Fibroids and Infertility
One of many complications that can happen in the female reproductive system are fibroids or uterine myomas.
Although these growths are benign and often symptomless, they can lead to several negative consequences. Among these is the link between fibroids and infertility.
In particular, the relationship between fibroids and infertility means that it’s necessary to take certain precautions.
Detecting and treating fibroids early on can help to avoid complications before, during and after pregnancy.
What is a fibroid?
Fibroids are non-cancerous growths made up of muscle tissue which can develop inside the uterus.
This is quite common: one in five women of reproductive age will develop fibroids.
Women who are of reproductive age are also most likely to be affected by one of the consequences of fibroids: the effect on fertility.
Causes of fibroids
Although we don’t know exactly what causes fibroids, some factors that may increase your likelihood of developing them include:
- Genetics: the genes responsible for fibroids can be passed down from mother to daughter.
- Hormones: this is different for everybody. Estrogen contributes to the growth of fibroids. This is why, in many cases, they can go undetected until pregnancy, when progesterone floods through the body.
“One in five women of reproductive age will develop fibroids”
Where do fibroids form?
Fibroids are a type of myoma, a benign tumor. When a myoma occurs within the uterus, it’s known as a fibroid.
However, fibroids can develop in different areas of the womb:
- In the muscle wall of the uterus.
- Under the surface of the uterine lining.
- Under the external layer of the uterus.
- On a stalk or stem on the outer part of the uterus.
- Within the uterine cavity.
Specialists recognize three types of myomas: subserosal (on the outside of the uterus), intramural (grow within the wall of the uterus) and submucosal (within the uterine lining).
How to recognize fibroids
Fibroids can come with some of the following symptoms:
- Excessive bleeding during periods. Your period may also last longer.
- Bleeding or spotting between periods, including clots.
- Abdominal pain and swelling.
- Weight gain.
- Intestinal cramps or constantly feeling full.
- Complications during pregnancy and birth.
- Pain during sexual intercourse.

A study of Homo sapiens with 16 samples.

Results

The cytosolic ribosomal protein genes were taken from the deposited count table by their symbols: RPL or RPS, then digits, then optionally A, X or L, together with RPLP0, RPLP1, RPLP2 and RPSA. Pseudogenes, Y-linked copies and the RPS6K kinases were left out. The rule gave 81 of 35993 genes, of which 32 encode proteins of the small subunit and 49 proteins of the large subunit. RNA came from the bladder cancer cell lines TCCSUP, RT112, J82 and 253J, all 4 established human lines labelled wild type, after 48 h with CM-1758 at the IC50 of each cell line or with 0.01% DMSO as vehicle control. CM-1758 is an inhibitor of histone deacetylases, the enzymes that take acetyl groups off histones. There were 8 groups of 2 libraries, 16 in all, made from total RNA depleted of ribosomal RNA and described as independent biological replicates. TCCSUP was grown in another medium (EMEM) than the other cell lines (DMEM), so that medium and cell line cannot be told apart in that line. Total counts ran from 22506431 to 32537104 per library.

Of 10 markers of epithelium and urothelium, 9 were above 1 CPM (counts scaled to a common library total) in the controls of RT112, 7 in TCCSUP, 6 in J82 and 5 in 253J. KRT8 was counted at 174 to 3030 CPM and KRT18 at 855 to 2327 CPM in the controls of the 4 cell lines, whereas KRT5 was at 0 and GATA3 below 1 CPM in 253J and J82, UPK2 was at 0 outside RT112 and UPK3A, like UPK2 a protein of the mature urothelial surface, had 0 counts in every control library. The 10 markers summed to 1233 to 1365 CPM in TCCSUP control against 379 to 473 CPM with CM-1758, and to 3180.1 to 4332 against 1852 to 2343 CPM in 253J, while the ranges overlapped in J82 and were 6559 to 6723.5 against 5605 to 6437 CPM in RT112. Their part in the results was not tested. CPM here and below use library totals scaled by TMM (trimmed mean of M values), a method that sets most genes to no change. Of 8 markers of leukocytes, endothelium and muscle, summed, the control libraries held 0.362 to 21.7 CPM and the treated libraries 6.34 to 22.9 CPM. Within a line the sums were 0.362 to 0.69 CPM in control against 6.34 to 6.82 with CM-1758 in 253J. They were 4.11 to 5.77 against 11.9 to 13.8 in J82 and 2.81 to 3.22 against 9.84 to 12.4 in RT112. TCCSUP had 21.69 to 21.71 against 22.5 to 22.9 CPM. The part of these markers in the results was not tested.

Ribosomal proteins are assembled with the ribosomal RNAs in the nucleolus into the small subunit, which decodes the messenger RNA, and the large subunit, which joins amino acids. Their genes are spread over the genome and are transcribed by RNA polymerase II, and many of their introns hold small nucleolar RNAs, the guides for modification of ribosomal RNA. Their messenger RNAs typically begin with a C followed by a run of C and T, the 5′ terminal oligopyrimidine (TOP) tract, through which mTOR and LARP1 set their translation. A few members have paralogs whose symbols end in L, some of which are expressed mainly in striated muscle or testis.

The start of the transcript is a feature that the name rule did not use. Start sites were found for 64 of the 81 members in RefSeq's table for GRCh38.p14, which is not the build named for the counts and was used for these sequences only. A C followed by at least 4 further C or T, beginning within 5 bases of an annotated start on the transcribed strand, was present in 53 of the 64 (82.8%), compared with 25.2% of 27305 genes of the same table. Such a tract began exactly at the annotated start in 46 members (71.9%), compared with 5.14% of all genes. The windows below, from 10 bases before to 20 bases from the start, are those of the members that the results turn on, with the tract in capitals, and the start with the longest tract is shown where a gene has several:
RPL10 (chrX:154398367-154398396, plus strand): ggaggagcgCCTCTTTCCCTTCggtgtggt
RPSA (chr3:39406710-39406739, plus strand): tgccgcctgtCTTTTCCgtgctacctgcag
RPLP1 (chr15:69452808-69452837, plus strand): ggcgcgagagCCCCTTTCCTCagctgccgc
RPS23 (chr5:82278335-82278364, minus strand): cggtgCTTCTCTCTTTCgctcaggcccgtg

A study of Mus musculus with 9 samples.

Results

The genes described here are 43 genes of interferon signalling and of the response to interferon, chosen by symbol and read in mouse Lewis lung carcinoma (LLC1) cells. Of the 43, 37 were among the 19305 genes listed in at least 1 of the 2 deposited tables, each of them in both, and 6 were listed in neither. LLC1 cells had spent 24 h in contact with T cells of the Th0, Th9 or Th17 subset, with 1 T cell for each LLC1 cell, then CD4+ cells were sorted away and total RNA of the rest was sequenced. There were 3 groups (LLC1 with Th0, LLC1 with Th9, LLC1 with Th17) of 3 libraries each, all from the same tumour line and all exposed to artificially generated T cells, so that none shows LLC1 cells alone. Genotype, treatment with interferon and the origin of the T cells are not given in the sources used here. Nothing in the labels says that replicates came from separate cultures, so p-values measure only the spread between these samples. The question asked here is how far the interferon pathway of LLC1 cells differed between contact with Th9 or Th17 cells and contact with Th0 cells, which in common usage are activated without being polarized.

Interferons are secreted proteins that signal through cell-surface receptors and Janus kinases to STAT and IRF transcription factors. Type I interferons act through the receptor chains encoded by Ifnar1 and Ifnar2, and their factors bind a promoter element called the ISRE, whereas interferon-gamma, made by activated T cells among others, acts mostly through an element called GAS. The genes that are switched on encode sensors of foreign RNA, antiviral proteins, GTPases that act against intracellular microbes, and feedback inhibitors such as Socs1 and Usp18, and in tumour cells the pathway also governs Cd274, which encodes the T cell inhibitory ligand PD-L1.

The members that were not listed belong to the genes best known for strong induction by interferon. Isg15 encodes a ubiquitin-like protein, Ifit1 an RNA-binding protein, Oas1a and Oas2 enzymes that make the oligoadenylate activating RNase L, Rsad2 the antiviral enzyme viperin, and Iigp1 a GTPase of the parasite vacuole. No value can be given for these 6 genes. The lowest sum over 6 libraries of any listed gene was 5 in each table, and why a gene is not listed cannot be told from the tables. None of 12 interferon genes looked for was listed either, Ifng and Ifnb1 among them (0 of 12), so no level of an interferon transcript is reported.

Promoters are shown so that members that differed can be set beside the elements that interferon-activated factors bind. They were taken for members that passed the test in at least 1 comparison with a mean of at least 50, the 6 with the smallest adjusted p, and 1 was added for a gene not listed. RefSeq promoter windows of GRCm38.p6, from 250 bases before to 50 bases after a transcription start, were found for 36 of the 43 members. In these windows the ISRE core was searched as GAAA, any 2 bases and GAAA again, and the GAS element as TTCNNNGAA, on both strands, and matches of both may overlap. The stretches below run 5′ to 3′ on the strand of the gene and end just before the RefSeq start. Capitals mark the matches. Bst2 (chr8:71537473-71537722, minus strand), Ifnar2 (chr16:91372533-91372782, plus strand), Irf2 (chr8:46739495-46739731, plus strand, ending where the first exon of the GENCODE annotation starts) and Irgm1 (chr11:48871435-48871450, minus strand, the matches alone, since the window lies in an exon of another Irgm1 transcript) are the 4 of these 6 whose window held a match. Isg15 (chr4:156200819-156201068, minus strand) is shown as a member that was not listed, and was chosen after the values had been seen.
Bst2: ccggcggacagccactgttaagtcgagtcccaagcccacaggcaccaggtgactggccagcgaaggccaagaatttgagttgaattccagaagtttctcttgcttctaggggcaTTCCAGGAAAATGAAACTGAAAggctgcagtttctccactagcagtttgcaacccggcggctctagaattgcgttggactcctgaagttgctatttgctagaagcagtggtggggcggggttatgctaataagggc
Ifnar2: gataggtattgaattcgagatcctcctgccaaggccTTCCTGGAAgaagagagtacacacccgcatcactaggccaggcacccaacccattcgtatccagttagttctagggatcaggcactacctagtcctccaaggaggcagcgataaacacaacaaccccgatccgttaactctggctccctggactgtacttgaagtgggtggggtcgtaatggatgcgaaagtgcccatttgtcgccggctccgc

- Urinating more frequently.
It’s not always easy to detect fibroids, particularly in women who are overweight.
Your doctor may use an ultrasound scan, MRI, hysteroscopy, hysterosonogram or endometrial biopsy to confirm the diagnosis.
The link between fibroids and infertility
Fibroids can sometimes lead to infertility in women who suffer from them.
This generally happens when the fibroids are large or the symptoms are particularly intense.
The best course of action in these situations is to have the fibroids removed as soon as possible.
Size, quantity and location are the key factors in determining whether or not fibroids will affect fertility.
If there are no complications, a myomectomy or fibroid removal surgery will allow pregnancy to go ahead as normal and help to avoid future fertility problems.
During pregnancy, increased blood-flow and levels of hormones can cause fibroids to increase in size, leading to a higher risk of complications.
This is one of the factors to take into account where pregnancy is concerned.
Apart from problems in the uterus itself, other complications caused by fibroids that can affect pregnancy are:
- Anemia: due to abundant bleeding, women with fibroids may suffer from a reduced red blood cell count.
- Premature birth: the uterus is under abnormal conditions, which reduce the amount of space in the womb. This can bring labor forward.
- Need for a cesarean section: this is necessary in cases where fibroids obstruct the birth canal or put the baby into an uncomfortable position.
- Bleeding after birth: this can develop into postpartum hemorrhage, with all of the associated dangers.
“During pregnancy, increased blood-flow and levels of hormones can cause fibroids to increase in size”
Are fibroids treatable?
The most common treatment for this issue is surgery.
There are two types: myomectomy, which means removing the fibroids without affecting the uterus itself; or hysterectomy, in which the uterus is partially or totally removed.
In terms of medication, a commonly used drug is ulipristal acetate, which works to relieve pain and reduce bleeding.
Additionally, up to 70% of tumors shrink by up to a quarter. This means that many women are able to avoid surgery completely.
Birth control medication can also help manage the symptoms by reducing bleeding during periods.
An intrauterine device which gradually releases hormones that reduce bleeding is another possibility.
Similarly, tranexamic acid, iron supplements, painkillers and hormone therapy can all be used to control the symptoms for short periods of time.
Only 0.5% of fibroids are cancerous. However, prevention is better than cure, particularly where your fertility may be at risk.
Women who suspect they may have fibroids should seek medical attention, particularly if they’re of reproductive age.